This week, my parents and sister and I decided to clean out our shed. Oh boy, the treasures we found. Alongside the tons and tons of books left by my grandma and great aunts and great grandparents and who knows who else, we found all sorts of true gems.

For one, we found a newspaper article that announced the moon landing. Needless to say, that's going to be framed. Kaity and I got into our oldest sister, Sarah's, Polly Pockets, which have been tabooed to us for as long as we can remember (something about little siblings ruining everything). That was a good time.

We found all sorts of old dolls and accessories, including a play kitchen that we used to play with at our Grandma Helen's house.

I found old stuffed animals that I used to have trouble sleeping without, each with an ever changing name and completely near and dear to my heart.

I found hundreds of cards from sweet aunts and uncles and grandparents and cousins and old friends.

I found my first journals, started in 2006, and was proud to realize that I've kept up with it for 10 years.

This week, we all discovered the joy of looking at childhood treasures, which allowed us to remember what we didn't mean to forget. We experienced sweet memories of our dear Grandma, who I still miss every day.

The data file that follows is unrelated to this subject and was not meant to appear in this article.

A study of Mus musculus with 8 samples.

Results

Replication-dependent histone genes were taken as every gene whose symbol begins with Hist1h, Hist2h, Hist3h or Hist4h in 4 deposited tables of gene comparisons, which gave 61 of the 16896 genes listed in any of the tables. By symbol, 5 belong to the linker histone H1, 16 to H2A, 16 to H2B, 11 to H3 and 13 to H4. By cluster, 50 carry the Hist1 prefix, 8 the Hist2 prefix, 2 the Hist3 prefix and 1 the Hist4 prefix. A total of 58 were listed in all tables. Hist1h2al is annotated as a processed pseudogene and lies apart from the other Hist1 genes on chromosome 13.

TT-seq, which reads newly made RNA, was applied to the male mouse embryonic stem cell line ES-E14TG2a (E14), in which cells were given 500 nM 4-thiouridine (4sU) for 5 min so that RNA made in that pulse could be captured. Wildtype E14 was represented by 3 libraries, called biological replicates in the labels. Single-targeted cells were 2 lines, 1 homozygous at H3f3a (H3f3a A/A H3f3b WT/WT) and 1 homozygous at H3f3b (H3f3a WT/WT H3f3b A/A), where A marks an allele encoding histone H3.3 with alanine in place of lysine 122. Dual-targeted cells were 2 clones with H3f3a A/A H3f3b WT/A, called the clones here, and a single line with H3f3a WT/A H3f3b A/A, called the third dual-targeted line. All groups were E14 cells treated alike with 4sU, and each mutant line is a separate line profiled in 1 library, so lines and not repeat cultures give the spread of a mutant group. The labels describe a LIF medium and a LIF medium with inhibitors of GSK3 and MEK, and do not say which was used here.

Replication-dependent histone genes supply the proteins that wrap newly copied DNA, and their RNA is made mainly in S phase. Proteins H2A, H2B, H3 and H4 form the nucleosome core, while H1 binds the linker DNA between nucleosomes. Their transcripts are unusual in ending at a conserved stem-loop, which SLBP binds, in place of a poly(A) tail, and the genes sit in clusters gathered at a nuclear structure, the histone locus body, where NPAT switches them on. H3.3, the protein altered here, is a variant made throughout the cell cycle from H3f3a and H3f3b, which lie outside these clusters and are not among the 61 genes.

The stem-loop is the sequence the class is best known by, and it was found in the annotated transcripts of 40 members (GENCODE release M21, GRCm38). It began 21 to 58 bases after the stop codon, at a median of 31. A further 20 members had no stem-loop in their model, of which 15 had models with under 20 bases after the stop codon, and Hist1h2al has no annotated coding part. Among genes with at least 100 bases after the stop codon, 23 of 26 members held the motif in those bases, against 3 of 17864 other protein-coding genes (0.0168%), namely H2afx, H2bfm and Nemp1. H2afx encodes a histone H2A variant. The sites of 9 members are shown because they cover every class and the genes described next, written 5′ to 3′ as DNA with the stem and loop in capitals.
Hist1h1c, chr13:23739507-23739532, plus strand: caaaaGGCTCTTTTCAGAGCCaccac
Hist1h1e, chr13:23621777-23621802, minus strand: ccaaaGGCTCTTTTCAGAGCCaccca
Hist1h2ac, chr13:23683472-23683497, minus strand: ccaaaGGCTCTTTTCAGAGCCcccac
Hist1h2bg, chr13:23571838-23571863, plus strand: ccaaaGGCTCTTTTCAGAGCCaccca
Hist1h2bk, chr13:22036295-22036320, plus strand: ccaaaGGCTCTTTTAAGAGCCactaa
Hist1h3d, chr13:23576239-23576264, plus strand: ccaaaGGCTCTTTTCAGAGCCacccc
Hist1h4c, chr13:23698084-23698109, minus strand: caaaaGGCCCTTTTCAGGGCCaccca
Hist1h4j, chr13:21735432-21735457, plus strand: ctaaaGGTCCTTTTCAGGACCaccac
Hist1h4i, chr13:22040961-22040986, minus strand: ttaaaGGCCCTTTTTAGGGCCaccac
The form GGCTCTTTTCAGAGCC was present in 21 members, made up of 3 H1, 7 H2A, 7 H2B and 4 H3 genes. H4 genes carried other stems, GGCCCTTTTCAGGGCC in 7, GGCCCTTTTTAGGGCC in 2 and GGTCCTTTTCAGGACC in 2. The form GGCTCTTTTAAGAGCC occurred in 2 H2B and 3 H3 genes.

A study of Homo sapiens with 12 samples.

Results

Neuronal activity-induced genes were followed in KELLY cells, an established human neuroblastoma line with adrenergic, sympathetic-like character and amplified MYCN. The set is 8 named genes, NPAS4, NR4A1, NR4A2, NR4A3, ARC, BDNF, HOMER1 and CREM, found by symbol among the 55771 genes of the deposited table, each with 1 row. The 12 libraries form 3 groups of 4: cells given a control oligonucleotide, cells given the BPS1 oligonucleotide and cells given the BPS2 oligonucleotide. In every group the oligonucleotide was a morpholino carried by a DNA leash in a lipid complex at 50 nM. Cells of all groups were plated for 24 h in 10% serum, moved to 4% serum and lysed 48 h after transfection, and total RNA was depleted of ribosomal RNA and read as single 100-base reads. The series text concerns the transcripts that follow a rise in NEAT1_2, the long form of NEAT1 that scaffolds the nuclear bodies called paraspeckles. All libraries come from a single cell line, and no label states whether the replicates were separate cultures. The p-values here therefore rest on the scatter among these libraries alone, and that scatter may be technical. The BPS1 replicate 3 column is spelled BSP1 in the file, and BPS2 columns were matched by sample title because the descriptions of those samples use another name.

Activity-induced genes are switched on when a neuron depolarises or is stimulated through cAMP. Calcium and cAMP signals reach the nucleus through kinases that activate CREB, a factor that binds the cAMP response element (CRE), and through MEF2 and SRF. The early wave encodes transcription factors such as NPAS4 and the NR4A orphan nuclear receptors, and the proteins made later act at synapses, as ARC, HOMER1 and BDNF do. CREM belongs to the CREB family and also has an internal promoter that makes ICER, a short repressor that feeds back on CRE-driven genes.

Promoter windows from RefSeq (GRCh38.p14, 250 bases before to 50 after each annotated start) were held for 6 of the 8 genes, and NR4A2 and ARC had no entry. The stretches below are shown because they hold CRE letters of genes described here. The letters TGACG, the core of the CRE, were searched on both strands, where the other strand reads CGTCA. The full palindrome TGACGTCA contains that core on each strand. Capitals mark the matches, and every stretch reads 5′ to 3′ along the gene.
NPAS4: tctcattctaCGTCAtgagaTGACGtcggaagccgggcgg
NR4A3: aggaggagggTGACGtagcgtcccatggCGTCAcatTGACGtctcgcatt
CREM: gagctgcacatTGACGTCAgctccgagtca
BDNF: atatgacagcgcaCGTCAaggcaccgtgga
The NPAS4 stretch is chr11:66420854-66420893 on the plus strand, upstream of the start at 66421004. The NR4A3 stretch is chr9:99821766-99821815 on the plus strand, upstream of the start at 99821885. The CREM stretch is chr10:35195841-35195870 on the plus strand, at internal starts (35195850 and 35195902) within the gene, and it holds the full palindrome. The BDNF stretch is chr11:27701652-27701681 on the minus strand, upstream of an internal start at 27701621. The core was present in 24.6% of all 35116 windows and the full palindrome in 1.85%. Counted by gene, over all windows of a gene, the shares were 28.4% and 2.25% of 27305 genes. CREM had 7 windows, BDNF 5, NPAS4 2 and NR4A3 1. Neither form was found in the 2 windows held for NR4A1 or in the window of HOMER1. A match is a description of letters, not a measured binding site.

My dad was able to tell us stories from his childhood, memories of the Grandpa we never knew, old dogs and teachers and school awards.

My mom relived the early days of her marriage, her engagement to my dad, before there were six little rugrats who demanded her time.

There is a point to this reminiscing. When my dad urged all of us to keep all that stuff which seemed meaningless at the time, we didn't understand the point. It's just junk, just an object. No longer is this true. I found that every object holds a memory, a smell that takes you back, an idea, a revelation.

When you begin to go through all this old stuff, you find that it isn't really just old stuff. It's a representative of a much easier time, before student loans and jobs and wedding planning and understanding that the world is not as easy and beautiful as I thought it was.

Of course, it isn't all filled with memories. Everybody has those random books they never read, or puzzles that are missing more than half of the pieces. Some of it is junk, which is when it becomes borderline hoarding.

I was blessed with a happy childhood, completely oblivious to the frustrations and stress of my parents, as well as the increasingly scary things in this world. This week, I remembered the little girl that had weird quirks, who got a kick out of digging random holes in the yard and hammering nails into scraps of wood. I remembered that it's okay to sit down and remember and even play a little bit, if only to relive a memory.